Louisiana’s own Rat-L-Trap really shines when fall largemouths start to gang up and follow shad. One pro shares his tricks for luring bass into a trap.
It’s still pretty hot, but largemouth bass in Louisiana waters know that cooler weather is on the way. That means baitfish will start balling up, and the bass will be looking for plenty of food to stock up for the winter.
But bass beware: it’s an ideal time to get caught in a “speed trap.” And anglers be aware, too. There’s a Louisiana-made lure that is just the ticket for early fall bass — the Rat-L-Trap, a product of Bill Lewis Lures in Alexandria.
“The Rat-L-Trap is a bass bait that truly works all year long and in any kind of lake anywhere,” said bass pro Cliff Crochet of Pierre Part. “But in the late summer and early fall, it is really in its element when the shad start bunching up and the fish start aggressively following them. You can fish it around structure; you can fish it around grass beds and you can fish it over and under schools of shad. It’s not a bait they can easily say no to.”
In other words, Crochet, a former Assumption Parish sheriff’s deputy, it’s time for anglers to put the Rat-L-Trap “10-8” — police code for “in service.” And there’s no better way for a Trap to go “10-8” than at full speed.
“Look, we all learned to fish the Rat-L-Trap by letting it rip,” Crochet said. “The most-common way is to tie on a Trap and then throw and reel, throw and reel, usually as fast as we could. That still catches fish. I think it’s a reaction strike that they just can’t help. Between the action and the rattle, they just have to have it.”
In September, baitfish start to gang up in the backs of canals, on flats or even along the edges of the channels. Wherever that happens on your favorite body of water, that’s where the bass will go as well. Because they are actively feeding and in different kinds of cover, that makes the Trap a go-to lure. You sure shouldn’t let it fly under your radar when it comes to lure selection.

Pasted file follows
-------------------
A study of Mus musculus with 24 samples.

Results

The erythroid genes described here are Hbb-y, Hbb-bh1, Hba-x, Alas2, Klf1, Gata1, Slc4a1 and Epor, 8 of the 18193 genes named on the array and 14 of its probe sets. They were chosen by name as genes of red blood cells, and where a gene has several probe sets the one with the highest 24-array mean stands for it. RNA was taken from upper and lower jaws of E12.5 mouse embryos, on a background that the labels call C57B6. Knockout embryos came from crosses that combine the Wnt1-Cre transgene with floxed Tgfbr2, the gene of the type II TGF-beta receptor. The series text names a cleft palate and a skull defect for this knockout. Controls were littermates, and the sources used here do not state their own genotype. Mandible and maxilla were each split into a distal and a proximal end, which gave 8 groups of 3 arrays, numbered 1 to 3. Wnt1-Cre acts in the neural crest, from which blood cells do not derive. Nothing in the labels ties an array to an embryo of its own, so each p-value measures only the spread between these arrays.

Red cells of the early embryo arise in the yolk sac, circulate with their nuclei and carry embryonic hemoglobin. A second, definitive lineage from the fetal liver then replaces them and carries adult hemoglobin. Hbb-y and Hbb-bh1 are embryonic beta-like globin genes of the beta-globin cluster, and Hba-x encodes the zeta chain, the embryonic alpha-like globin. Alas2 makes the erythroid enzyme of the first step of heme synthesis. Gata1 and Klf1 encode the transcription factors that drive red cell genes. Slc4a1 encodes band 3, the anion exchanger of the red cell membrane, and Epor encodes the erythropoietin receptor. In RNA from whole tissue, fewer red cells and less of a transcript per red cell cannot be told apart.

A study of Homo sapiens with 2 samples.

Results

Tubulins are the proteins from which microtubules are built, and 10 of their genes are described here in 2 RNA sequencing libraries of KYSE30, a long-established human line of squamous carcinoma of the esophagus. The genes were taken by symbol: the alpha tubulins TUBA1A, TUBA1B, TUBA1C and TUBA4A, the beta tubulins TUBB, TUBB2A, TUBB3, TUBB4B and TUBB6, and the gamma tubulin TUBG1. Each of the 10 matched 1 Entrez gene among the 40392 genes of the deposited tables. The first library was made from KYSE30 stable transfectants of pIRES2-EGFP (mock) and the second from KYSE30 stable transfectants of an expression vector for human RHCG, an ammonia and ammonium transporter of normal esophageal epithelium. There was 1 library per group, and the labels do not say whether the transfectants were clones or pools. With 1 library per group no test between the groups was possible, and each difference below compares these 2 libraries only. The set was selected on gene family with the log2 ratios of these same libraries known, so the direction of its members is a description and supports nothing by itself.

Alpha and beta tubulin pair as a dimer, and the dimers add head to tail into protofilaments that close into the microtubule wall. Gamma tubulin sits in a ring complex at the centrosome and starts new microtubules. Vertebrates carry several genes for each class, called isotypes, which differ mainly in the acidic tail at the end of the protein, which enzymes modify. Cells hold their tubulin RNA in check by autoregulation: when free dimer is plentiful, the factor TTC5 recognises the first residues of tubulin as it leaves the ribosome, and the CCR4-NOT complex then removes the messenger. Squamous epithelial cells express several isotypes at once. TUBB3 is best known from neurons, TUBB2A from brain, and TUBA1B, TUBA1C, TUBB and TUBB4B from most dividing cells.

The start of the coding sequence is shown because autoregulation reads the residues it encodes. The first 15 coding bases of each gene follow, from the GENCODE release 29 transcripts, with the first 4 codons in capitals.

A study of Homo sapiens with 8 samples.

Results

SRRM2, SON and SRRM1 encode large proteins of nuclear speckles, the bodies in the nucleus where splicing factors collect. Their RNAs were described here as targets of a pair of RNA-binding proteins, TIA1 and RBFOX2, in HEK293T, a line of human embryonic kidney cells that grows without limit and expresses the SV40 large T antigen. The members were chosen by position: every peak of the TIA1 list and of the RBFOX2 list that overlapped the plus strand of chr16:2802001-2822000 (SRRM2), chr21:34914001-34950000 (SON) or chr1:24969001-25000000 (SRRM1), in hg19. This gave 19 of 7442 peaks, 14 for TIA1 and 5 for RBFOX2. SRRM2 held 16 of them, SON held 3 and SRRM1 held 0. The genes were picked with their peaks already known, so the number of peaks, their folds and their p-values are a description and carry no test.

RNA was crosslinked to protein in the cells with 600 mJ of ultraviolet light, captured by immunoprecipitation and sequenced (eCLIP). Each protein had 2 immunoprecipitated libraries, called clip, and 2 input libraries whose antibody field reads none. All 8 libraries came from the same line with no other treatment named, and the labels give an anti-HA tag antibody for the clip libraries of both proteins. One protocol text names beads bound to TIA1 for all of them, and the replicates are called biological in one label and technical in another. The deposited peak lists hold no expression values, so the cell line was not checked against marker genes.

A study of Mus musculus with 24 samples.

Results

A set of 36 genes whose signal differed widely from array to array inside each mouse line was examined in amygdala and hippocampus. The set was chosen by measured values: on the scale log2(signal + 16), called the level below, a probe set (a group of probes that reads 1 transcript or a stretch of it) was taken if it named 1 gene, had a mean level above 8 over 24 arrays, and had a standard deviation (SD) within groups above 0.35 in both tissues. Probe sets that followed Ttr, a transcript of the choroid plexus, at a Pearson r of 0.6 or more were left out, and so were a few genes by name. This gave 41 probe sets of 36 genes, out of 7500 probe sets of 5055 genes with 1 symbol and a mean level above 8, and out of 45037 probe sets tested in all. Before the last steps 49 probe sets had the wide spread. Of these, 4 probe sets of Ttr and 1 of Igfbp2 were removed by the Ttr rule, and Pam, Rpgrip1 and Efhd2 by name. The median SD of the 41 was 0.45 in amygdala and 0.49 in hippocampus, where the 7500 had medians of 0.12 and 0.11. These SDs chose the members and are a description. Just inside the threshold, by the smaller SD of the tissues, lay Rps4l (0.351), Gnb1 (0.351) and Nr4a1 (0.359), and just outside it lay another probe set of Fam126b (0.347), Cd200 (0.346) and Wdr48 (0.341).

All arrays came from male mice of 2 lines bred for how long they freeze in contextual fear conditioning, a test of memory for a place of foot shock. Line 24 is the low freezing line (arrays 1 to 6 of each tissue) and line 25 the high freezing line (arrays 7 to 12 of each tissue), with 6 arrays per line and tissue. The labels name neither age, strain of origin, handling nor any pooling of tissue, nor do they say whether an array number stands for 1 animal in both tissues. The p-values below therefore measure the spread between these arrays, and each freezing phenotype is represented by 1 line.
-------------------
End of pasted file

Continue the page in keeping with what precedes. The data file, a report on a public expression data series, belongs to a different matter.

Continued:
“Anglers can upsize their Rat-L-Trap to a ¾- or 1-ounce size, downsize their line a bit to, like, 12-pound test and really throw this lure a mile,” Crochet said. “That allows you to cover a lot of territory, and you can fish above the shad or below the shad. Most of the time, if you can get the bait below the shad, that’s where you’ll find the bigger ones.”
He also likes what he calls the “yo-yo” technique.
“There’s really no perfect equation for how to fish the lure,” Crochet said. “I like to yo-yo or stop-and-go with the lure by throwing it out, letting it get down to where the fish are, then pull it hard, stop it and reel up the slack, then repeat. A lot of times, the fish will hit it on the fall, and you have to be aware that when you feel like you are hung up, you may have a big, old bass that gulped that bait down.”
Sometimes, you have to let the fish tell you how they want it by trying different speeds, sizes and colors. But always pay attention to what you are doing, because when you catch one, that’s what you need to do to catch another one.
“The better fishermen are always doing something a little bit different, and they recognize what it is they are doing different. That separates the best from the rest,” said Crochet, whose favorite gear for Trap fishing is 12- to 20-pound Seaguar InvizX spooled on a KastKing Bassinator Elite baitcast reel with a 7-foot-3, medium-heavy KastKing Spirale rod, one he helped design.
In the fall, Crochet likes to stick to shad colors. Bill Lewis Lures really came “out of the box” this year with some amazing new colors. Among his new favorites are black crappie, white crappie, wintergreen shad, bright belly shad, sunrise shad, chrome red bones, chrome gold bones and gold mine shad. Traditional colors like the bleeding shad, silverado, chrome and smoky joe work well, too.
Two other baits Crochet said anglers need to tie on are trying floating Rat-L-Traps and also the tiny, ¼-ounce Trap. He recommends using the floater to give the fish a slower, different look. It runs only a few inches under the surface and can be cast into a school of bass, stopped, then eased along. He likes to use the smaller, ¼-ounce Trap around boat docks and trees, fishing it past the structure just like he would a spinnerbait.